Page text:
It feels a little like the Grinch comes on Christmas Night for real. The same way that troubled green creature hauled out every trace of Christmas from Whoville, our culture removes all the signs that the Holy Day ever happened.
Trees wrapped in plastic are cast onto the curb, Christmas items are deep-discounted for quick sale on the Dec. 26 shopping holiday and Christmas music all but disappears from the airwaves.
When it comes to Christmas, the world could learn something about partying from Catholics.
The 36 hours from Christmas Eve through Christmas Night are just the beginning–our festivities go on for eight days. This liturgical octave of Christmas starts on Christmas Day and continues until the Solemnity of the Mother of God (New Year’s Day).
Besides offering seven more days for feasting and merriment, the Church has a serious reason for designating an octave celebration of Christ’s birth, along with octaves for Easter and Pentecost. It’s to help us contemplate the mysteries of these feasts experienced in the Church’s liturgies.
Old Testament roots
The octave commemoration has its origins in the Old Testament. On the eighth day, circumcision occurs in the Jewish faith, representing God’s covenant with Abraham and the Jewish people. The Feast of Tabernacles and other feasts were celebrated for seven days but the eighth day also carried special significance.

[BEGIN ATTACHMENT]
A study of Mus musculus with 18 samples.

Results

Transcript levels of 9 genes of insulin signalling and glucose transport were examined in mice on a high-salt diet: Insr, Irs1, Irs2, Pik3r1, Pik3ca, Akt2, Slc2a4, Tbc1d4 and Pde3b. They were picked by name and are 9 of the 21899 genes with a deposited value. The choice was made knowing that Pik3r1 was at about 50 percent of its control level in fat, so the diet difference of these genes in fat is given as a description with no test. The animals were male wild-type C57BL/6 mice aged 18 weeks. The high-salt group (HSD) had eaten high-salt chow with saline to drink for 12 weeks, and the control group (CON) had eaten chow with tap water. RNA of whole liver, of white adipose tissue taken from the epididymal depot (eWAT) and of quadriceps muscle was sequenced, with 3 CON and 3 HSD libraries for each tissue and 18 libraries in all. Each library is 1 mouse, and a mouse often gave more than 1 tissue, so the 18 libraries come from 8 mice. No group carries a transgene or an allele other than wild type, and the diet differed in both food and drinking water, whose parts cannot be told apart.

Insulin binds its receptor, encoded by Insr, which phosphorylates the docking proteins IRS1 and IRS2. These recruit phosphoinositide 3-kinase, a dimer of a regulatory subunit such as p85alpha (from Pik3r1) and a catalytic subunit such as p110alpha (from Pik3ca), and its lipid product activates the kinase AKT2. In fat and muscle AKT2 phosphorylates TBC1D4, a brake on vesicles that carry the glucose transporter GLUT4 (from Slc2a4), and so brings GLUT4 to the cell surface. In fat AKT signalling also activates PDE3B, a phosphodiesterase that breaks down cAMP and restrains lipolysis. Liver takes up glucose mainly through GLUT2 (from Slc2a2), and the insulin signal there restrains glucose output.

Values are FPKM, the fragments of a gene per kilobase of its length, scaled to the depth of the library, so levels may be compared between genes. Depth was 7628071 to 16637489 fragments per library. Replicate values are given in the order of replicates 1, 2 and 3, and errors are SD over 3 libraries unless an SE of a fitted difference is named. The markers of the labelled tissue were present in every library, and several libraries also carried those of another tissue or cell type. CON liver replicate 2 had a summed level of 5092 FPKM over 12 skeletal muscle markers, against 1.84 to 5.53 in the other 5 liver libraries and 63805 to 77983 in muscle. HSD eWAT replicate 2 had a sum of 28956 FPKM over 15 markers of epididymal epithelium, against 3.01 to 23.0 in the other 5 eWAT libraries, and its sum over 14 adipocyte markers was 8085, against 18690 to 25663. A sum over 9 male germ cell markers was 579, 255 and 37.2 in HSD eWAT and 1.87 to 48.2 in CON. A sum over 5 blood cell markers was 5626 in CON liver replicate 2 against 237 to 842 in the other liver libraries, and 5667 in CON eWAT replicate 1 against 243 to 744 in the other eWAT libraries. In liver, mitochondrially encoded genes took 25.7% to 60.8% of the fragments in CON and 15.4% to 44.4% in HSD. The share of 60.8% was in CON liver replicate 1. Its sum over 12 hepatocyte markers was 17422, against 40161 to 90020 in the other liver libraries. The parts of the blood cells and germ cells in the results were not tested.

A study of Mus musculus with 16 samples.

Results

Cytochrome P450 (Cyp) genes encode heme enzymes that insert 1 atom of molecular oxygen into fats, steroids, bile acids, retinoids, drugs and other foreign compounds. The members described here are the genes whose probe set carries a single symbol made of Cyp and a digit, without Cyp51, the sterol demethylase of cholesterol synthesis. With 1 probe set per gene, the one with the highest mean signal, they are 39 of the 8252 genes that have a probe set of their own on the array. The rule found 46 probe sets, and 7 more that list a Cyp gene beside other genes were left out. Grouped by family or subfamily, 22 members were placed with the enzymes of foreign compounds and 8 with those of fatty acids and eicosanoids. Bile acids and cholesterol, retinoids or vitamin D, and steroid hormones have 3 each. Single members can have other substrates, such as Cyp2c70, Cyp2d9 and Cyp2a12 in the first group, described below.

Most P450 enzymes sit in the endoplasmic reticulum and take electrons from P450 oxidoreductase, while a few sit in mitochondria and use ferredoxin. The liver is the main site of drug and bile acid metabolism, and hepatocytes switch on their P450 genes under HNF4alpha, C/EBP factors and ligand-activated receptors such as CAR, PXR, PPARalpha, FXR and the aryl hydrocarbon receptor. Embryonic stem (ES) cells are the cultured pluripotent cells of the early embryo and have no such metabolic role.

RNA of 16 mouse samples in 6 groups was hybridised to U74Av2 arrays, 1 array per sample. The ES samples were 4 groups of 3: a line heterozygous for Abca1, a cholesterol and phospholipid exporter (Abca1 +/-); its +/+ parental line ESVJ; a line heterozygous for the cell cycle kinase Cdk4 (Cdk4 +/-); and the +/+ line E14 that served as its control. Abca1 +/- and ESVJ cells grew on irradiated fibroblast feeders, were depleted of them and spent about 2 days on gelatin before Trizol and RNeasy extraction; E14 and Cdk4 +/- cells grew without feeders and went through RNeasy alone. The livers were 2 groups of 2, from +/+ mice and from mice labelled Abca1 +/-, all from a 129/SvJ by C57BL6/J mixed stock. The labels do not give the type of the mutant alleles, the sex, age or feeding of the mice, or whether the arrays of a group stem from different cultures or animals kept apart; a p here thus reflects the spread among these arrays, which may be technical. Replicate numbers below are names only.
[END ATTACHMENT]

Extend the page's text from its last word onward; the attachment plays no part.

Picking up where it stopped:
In the fourth century, the Church gave Easter and Pentecost octaves possibly because it allowed for an extended retreat for the newly-baptized. Also, since both of those feasts always fall on Sunday, the octave day of the following Sunday seems like a natural closing for a week of festivities.
The Church introduced the octave of Christmas in the eighth century. Other octaves were added for Epiphany, Corpus Christi and saints. Until the middle of the 20th century, octaves were ranked in importance. For the most “privileged” octaves, no work was done nor other feasts celebrated.
In 1955, Pope Pius XII simplified the calendar so that the Church recognizes only the octaves of Easter, Pentecost and Christmas.
Feasts within the Feast
As she celebrates Christ’s Nativity, the Church also commemorates these feasts during the octave of Christmas:
- Dec. 26: Feast of St. Stephen
- Dec. 27: Feast of St. John the Evangelist
- Dec. 28: Feast of the Holy Innocents
- Dec. 30: Feast of the Holy Family
- Jan. 1: Octave day of the Nativity, Solemnity of Mary, Mother of God
One of the ways to commemorate the octave of Christmas is by attending daily Mass:
The octave’s primary observation is by celebrating daily Mass in thanksgiving for Christ, with the gospel readings centered around the Incarnation and early years of Jesus’ life. The wisdom of the Church begins the octave with the birth of Jesus and ends it on the eighth day with the veneration of Mary’s role in the Incarnation.
Feasting and merriment are both in order for the octave of Christmas, as well as visiting family, visiting the sick and elderly, and helping the poor. Also, here are prayers and activities for each of the octave days.
In the end, the Grinch was converted and embraced Christmas. Maybe as we give this Holy feast its proper place on the calendar, our culture won’t unplug the Christmas lights so fast and will let the Nativity celebration continue.